Screen Drops to Take Front and Center
It’s been four months since we posted a “What’s New” due to various distractions… mainly needing both hips replaced… that has gotten our glass art off track. However, based on input I received last August from a fellow glass artist (whose name, I’m sorry to say, I don’t have), where she suggested we consider “Screen Drops” instead of “Drop Pots” to achieve organic fluid effects in our glass art, we are really excited to get into it.
We have used Drop Pots extensively for about seven years now, and have learned quite a bit about how to create pieces of beauty. Drop pots are terra cotta pots with several holes on the bottom. Cut glass of selected colors is stacked into the pot in a predetermined pattern. The stacked pot is suspended above a kiln shelf, heated to 1600 degrees for several hours to allow molten glass to drip through the holes onto the shelf. (A more detailed description of the process can be found under “How It’s Done…Drop Pots”). Early Drop Pot pieces were a “crap shoot” as they say… we really didn’t know what we were going to get. Sometimes it was “Wow, really neat!”, and sometimes it was “What the heck??” Early on, we didn’t do a good job of recording our process so we could reproduce good results and avoid the not so good ones. Two of our early results are shown below… a good one and a not so good one. Also shown is a recent drop pot where we were a bit more cognizant of the “Does and Don’ts” for Drop Pots… and we think the result is quite nice.
The first one wasn’t what we were expecting, but serendipitously “really neat”. The second one fit the “What the heck??” category. We mixed blue glass with French vanilla and got black!! Go figure! Well, Chemistry 101 had the answer. The copper in the blue glass reacted with the sulfur in the vanilla glass to make black. In the third piece we mixed reds which are sulfur based with the vanilla, also sulfur based, to avoid the unpleasant reaction seen in #2. The molten glass colors in Drop Pots mix as they pour through the holes at the bottom of the pot…hence you aren’t sure what you are going to get.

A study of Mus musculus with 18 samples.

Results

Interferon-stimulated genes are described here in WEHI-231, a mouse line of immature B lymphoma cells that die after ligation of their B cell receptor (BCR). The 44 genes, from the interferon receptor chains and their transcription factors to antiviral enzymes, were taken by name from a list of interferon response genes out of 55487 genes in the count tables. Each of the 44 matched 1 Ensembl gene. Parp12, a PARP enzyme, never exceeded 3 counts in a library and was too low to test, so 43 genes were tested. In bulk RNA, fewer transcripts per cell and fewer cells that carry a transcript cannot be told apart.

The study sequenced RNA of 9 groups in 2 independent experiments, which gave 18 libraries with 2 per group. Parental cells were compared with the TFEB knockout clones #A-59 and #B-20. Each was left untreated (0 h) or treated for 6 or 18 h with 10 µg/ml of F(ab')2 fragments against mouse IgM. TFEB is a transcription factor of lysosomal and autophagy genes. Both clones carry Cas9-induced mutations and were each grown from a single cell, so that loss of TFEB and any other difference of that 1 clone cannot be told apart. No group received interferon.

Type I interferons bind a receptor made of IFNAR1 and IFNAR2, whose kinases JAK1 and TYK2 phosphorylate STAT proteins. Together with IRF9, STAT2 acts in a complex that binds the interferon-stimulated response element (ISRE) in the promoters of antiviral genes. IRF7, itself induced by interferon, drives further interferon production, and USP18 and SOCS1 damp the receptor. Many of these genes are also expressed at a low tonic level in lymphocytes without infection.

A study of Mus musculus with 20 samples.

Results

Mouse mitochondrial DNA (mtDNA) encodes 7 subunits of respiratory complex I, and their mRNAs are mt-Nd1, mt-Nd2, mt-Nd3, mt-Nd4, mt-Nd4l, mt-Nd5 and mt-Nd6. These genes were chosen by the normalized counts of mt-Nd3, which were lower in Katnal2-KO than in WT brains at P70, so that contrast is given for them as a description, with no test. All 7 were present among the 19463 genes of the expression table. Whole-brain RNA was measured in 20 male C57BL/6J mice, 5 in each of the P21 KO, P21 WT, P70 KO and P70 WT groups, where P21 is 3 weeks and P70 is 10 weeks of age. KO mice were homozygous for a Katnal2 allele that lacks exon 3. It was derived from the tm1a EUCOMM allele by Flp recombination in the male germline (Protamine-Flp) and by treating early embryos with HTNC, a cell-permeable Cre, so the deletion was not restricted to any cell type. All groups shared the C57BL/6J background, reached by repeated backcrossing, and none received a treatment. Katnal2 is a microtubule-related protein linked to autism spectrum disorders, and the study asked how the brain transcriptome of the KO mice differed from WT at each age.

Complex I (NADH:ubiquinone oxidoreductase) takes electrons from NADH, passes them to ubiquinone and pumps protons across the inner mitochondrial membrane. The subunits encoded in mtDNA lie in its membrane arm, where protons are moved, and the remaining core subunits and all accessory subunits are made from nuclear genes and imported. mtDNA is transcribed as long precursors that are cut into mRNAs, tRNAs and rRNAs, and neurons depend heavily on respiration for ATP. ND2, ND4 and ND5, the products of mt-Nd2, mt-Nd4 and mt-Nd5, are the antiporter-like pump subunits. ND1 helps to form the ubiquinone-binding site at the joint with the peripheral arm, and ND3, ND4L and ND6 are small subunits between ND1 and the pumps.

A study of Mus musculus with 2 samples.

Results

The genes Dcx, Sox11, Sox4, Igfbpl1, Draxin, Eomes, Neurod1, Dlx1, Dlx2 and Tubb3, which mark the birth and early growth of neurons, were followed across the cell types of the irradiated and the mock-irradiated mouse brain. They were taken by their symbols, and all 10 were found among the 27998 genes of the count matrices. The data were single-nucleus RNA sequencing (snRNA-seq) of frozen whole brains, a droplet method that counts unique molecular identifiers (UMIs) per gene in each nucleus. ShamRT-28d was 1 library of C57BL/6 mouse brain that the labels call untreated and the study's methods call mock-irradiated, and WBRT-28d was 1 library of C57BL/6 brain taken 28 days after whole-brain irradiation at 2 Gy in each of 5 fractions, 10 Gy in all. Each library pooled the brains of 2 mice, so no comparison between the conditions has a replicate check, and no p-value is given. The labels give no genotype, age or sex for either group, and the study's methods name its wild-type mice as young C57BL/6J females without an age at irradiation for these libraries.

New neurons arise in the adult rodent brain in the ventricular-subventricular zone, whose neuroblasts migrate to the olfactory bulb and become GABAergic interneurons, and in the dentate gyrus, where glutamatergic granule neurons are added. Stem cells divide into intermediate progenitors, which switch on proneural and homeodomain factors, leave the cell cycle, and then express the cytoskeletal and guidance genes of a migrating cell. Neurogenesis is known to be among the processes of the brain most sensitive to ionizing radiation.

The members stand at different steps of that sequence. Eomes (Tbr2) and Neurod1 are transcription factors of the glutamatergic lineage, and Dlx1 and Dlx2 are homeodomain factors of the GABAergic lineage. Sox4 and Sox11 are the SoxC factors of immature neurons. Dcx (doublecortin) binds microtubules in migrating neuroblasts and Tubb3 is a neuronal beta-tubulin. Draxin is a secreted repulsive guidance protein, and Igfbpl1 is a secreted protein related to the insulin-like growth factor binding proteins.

This past October, we ran out of terra cotta pots, and remembering the suggestion of the glass artist that I saw in August, I thought we should try a Screen Drop. We had actually tried a Screen Drop several years ago, but weren’t pleased with the result at that time. It wasn’t terrible, but we had concerns about various things… like re-use of the stainless steel screen. The screens are quite expensive. We were concerned about color contamination from use to use and thought we would need multiple screens, each devoted to a specific color combination, so we decided to stick with Drop Pots back then. The blue center portion of the bowl shown below was created by our first Screen Drop years ago.
In my re-try this October, I stacked Teal and Jade green glass (copper based) in a donut shape on the old screen and put reds and some yellows (sulfur based) in the center. I ignored the residual blue glass on the screen from the earlier attempt. Much to my surprise, the resultant piece is quite beautiful. It is shown in the photo below. Screen Drops act differently in that you have more control on how colors mix. The screen is a 12″x12″ stainless steel quarter inch mesh. Pieces of glass are stacked on the screen which is suspended (like a Drop Pot) above a kiln shelf. Temperature is brought to 1600 degrees so the glass on the screen melts through the mesh onto the kiln shelf. Because the glass isn’t contained like it is in a Drop Pot, the colors don’t mix like they do in the Drop Pot. So unless you directly mix reactive colors on the screen, you don’t get the “What the…??” result.
The fact that the greens basically stayed separate from the reds and yellows, avoiding the reaction a Drop Pot would have resulted in opens all kind of possibilities for color combinations. We are very excited about the prospects. We are on hold for the moment, but should be back in full swing by March. Stay tuned for some exciting “really neat” pieces.